This work was adapted from articles by Elizabeth Boatman and Emily C. Dooley 

Research from Lawrence Berkeley National Laboratory (Berkeley Lab), Lawrence Livermore National Laboratory (LLNL),  and UC Davis sheds new light on how to access the sugars locked up in plants to produce petroleum-free fuels, chemicals, and medicines.

Using microbes to convert grasses, weeds, wood, and other plant residues into sustainable products will be key to achieving carbon neutrality and could even help eliminate drug shortages. But cellulose, the tough tissue that makes up a large proportion of herbaceous and woody plant bodies, is hard to break down into its composite sugars, which the microbes need to build other molecules. Only organisms that have evolved specialized enzymes, or those that host microbiomes of those organisms, are able to get sugars from cellulose-rich plant matter.

Scientists are studying how these enzymes work so that they can develop more efficient methods to convert plant waste into sweet ingredients.

“We want to utilize plant residues and there is a lot of plant waste out there,” said project co-leader Tina Jeoh, a professor of biological and agricultural engineering at UC Davis. “These sugars are key to establishing a bioeconomy built on cycling renewable carbon for biofuel, biochemical, and biomaterial alternatives to fossil fuel-sourced versions.”

Jeoh and her colleagues used a technique developed at the Berkeley Synchrotron Infrared Structural Biology (BSISB) Imaging Program. The technique combines a novel microfluidic device and infrared spectroscopy to study how a cellulose-degrading enzyme works in real time. Their work was recently published in the journal Green Chemistry.

The fluid-holding device designed by Holman and Zhao, which is held in front of an infrared beam to study the change in atomic bonds in sample of molecules. (Credit: Hoi-Ying Holman/Berkeley Lab)


Cellulose is composed of many glucose molecules, each joined together by a single covalent bond. The long chains of glucose are twisted together into complex rope-like structures called fibrils, which stay in that formation thanks to many hydrogen bonds between the tightly-organized glucoses. Scientists have hypothesized that these hydrogen bonds are the reason why cellulose-chopping enzymes are so slow – they act as obstacles blocking access to the covalent bond.

To finally understand exactly what is happening during these reactions, a pair of Berkeley Lab researchers designed an experimental system that could provide information about how the atomic structure of the cellulose changed while the enzyme was working. The system consists of a small disk-like device that holds a tiny quantity of fluid containing cellulose, from green algae, and tiny amount of an enzyme derived from a fungi. The device moves the two fluids together, allowing the reaction to begin, in the path of a powerful beam of infrared light generated by the Berkeley Lab’s Advanced Light Source (ALS). Detectors near the device then measure how the light was absorbed by the combined fluids at different time intervals when exposed to the beam. Changes in spectral features will indicate changes in the chemical bonds or bond environments in the molecules.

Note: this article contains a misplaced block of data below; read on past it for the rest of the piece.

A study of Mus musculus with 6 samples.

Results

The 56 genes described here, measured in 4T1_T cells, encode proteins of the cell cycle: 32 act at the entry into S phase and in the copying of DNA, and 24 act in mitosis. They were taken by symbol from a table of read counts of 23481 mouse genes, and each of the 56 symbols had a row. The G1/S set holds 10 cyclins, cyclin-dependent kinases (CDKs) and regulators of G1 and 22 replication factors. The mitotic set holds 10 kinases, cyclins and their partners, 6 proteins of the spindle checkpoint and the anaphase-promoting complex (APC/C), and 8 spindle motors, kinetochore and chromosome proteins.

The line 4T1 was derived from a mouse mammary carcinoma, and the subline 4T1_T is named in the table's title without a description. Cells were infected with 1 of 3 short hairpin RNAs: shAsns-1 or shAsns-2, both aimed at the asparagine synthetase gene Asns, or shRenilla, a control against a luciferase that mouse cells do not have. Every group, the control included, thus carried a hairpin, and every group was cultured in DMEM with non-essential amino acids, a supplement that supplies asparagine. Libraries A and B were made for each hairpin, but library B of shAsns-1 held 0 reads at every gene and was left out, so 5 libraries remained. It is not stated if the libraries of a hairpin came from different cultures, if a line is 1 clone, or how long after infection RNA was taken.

The results from this method, a type of operando spectroscopy methodology that uses Fourier transform infrared spectromicroscopy, indicate that the hydrogen bonds in the fibrils are indeed acting as roadblocks for the enzymes.

“Until now, the enzymatic hydrolysis of cellulose was a challenging biochemical process to study, in part due to limitations in researchers’ ability to carefully control, and observe, the sample environment during cellulose depolymerization,” said Hoi-Ying Holman, who is a senior scientist in the Lab’s Biosciences Area and BSISB director.

Holman, who co-led the project with Jeoh, designed this experimental system with then BSISB postdoc Wujun Zhao. She said, “This technology is the result of many years of research and development work carried out by BSISB staff to create systems for studying reactions using infrared spectromicroscopy.”

According to Holman, the team’s new approach overcomes past limitations thanks to the exceptional brightness of the ALS’ infrared beam, which allows for precise, real-time snapshots of the sample. Secondly, the fluid-holding device is partially open rather than sealed shut, enabling on-demand access to the sample while maintaining the necessary conditions for the enzymatic reaction and data collection.

“These results serve as a key proof-of-concept for the technique, with the potential to enable a new generation of scientific discoveries – especially for researchers hoping to study, and engage with, physical and chemical properties of biological systems as they occur in their native environments and in real time,” said Holman.

Scientists at LLNL plan to use the approach to study biomolecules in soil and plant and animal tissues, particularly those with biosecurity applications. Meanwhile, Jeoh and her team at UC Davis plan to explore techniques that will help enzymes break through the hydrogen bonds more quickly, to improve efficiency and lower costs of sustainable biomanufacturing.

This work was supported by the U.S. Department of Energy, Office of Science, Office of Biological and Environmental Research’s  Biomolecular Characterization and Imaging Science Program. The ALS is a DOE Office of Science User Facility.